Big Brother Gets Paid Back

Updated: Feb 10, 2020

This story starts with a radio ad.

I was driving to a potential sale, going over the pitch in my head, when a CJAD jingle caught my attention.

"Bring meaning to children from underprivileged homes. Join Big Brother today."

I have two older brothers. Together we worked for my Dad, Founder of I Magid Inc Distributors, a food wholesaler company. We are a tight-knit family, and I always looked up to my brothers. They guided me and taught me everything I know.

Somehow, that radio ad spoke to me. I was already working 60 hours a week and had no social life other than clients I met while on the road. I thought to myself, "maybe I could give of my time like my Dad always advises. Maybe I could be a big brother to someone else."

I called the organization and told them I wanted to volunteer. Within a couple of hours, I met with someone from Big Brother who explained how it worked. He informed me that I had to make a commitment for a year. I signed up and was assigned to help Raz, an 8-year-old being raised with his two sisters by a single mom.

I met Raz and his family. I began spending time with him every weekend, taking him to movies, restaurants, ski trips. I got him into hockey and we became regulars at Canadiens games. We grew close and I became part of the family. I discovered that volunteering my time brought a lot of meaning into my life.

Raz grew and was hired at I Magid Inc. 32 years have passed since we met, and Raz is now married with two kids. We are still very close.

Meanwhile, I Magid Inc grew. My hours and responsibilities increased, but so did my commitment to give of my time. I began delivering food baskets for MADA and giving my time to Yaldei. I was also financially supporting various causes that I believe in.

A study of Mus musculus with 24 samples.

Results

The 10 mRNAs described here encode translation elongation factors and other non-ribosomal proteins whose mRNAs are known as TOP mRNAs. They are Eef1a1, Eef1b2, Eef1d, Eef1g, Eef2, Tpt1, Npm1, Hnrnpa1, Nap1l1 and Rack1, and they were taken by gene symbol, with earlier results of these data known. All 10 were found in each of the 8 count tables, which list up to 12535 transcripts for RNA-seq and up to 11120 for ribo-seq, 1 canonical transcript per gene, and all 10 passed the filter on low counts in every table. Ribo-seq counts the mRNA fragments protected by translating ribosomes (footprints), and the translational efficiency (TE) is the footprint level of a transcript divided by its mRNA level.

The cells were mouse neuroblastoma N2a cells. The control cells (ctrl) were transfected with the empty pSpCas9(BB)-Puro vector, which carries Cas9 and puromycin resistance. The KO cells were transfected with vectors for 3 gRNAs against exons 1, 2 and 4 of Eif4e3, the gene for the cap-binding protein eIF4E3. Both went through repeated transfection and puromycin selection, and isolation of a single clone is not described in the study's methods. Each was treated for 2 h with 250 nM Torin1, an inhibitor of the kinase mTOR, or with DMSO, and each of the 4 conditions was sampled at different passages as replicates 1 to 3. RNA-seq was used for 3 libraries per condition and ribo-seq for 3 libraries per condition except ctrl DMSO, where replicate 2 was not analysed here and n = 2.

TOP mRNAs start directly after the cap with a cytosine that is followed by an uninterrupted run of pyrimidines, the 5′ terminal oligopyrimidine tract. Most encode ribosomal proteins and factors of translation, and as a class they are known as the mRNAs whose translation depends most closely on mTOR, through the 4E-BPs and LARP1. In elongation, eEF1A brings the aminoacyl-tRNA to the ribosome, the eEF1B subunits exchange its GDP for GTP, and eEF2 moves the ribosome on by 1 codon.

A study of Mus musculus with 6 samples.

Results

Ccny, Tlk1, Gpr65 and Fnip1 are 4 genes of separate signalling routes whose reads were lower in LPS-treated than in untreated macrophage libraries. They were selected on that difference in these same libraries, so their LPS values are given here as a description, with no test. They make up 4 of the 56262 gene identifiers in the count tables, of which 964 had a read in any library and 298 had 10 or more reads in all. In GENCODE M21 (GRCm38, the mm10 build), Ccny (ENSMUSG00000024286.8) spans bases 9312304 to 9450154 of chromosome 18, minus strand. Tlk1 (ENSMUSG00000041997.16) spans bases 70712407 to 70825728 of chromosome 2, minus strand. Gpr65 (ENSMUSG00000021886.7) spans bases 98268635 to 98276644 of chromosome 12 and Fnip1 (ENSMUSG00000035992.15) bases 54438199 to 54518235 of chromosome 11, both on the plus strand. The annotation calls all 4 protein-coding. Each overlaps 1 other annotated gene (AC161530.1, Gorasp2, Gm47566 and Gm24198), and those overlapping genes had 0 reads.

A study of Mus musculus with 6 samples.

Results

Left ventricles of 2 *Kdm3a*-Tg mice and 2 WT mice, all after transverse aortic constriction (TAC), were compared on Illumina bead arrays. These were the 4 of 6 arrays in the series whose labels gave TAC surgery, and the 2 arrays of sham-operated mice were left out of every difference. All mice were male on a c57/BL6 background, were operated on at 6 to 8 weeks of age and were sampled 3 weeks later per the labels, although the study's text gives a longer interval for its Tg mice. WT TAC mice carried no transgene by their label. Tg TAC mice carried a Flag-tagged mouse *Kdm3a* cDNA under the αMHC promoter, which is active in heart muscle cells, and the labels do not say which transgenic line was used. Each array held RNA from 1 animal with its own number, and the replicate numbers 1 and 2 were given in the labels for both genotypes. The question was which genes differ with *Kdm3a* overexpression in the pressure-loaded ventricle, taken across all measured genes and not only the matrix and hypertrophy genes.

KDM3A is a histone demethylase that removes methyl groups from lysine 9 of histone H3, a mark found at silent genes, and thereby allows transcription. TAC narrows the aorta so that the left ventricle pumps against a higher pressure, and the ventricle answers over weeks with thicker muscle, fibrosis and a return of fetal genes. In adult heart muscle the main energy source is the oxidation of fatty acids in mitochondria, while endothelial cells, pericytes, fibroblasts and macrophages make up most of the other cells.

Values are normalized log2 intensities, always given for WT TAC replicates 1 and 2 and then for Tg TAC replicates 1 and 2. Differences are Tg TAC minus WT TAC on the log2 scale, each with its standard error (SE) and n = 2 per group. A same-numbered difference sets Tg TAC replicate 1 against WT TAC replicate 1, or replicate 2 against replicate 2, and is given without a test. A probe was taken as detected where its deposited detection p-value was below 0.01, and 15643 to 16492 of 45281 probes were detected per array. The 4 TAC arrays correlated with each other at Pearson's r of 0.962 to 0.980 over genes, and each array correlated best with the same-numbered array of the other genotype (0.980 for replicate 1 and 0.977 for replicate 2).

Then one day, I met Rabbi Bresinger of Chabad Lifeline. I visited the centre and was blown away. My Mom had been bipolar and I know what it feels like to be affected by someone with mental illness. And addiction is a mental illness.

I started donating annually to Chabad Lifeline. I also began taking young addicts out for excursions. We traveled to Tremblant, figured our way out of escape rooms, and had a lot of fun together. We also had some serious talks where I was able to see how Chabad Lifeline had changed their lives. Some of the kids had lived in the streets. Others had experienced serious physical or sexual abuse.

What goes around comes around.

One day, I got a call from Raz. A family member had a gambling problem that was out of control. Raz's entire family was affected by it.

As soon as I hung up with Raz, I called Rabbi Bresinger. I saw for myself why Chabad Lifeline prides themselves on offering services that are immediate, confidential, and at no cost. By the end of the day, Raz's family member had met with an Addictions Counsellor at Lifeline has been in recovery since. I am still amazed!

I admire Chabad Lifeline for how they open their arms and are welcoming to everyone regardless of background. When you meet their staff, you can tell that they really want to help. And they help so many.

I'm writing this in the hope that someone will read this and it will prompt them to volunteer. Chabad Lifeline is a good place to volunteer. You will find that you will grow as a result of your volunteering. People need to support financially, but they also need to give their time because nothing is more valuable. It may save you from getting caught up in the rat race of life. You may find yourself a little brother.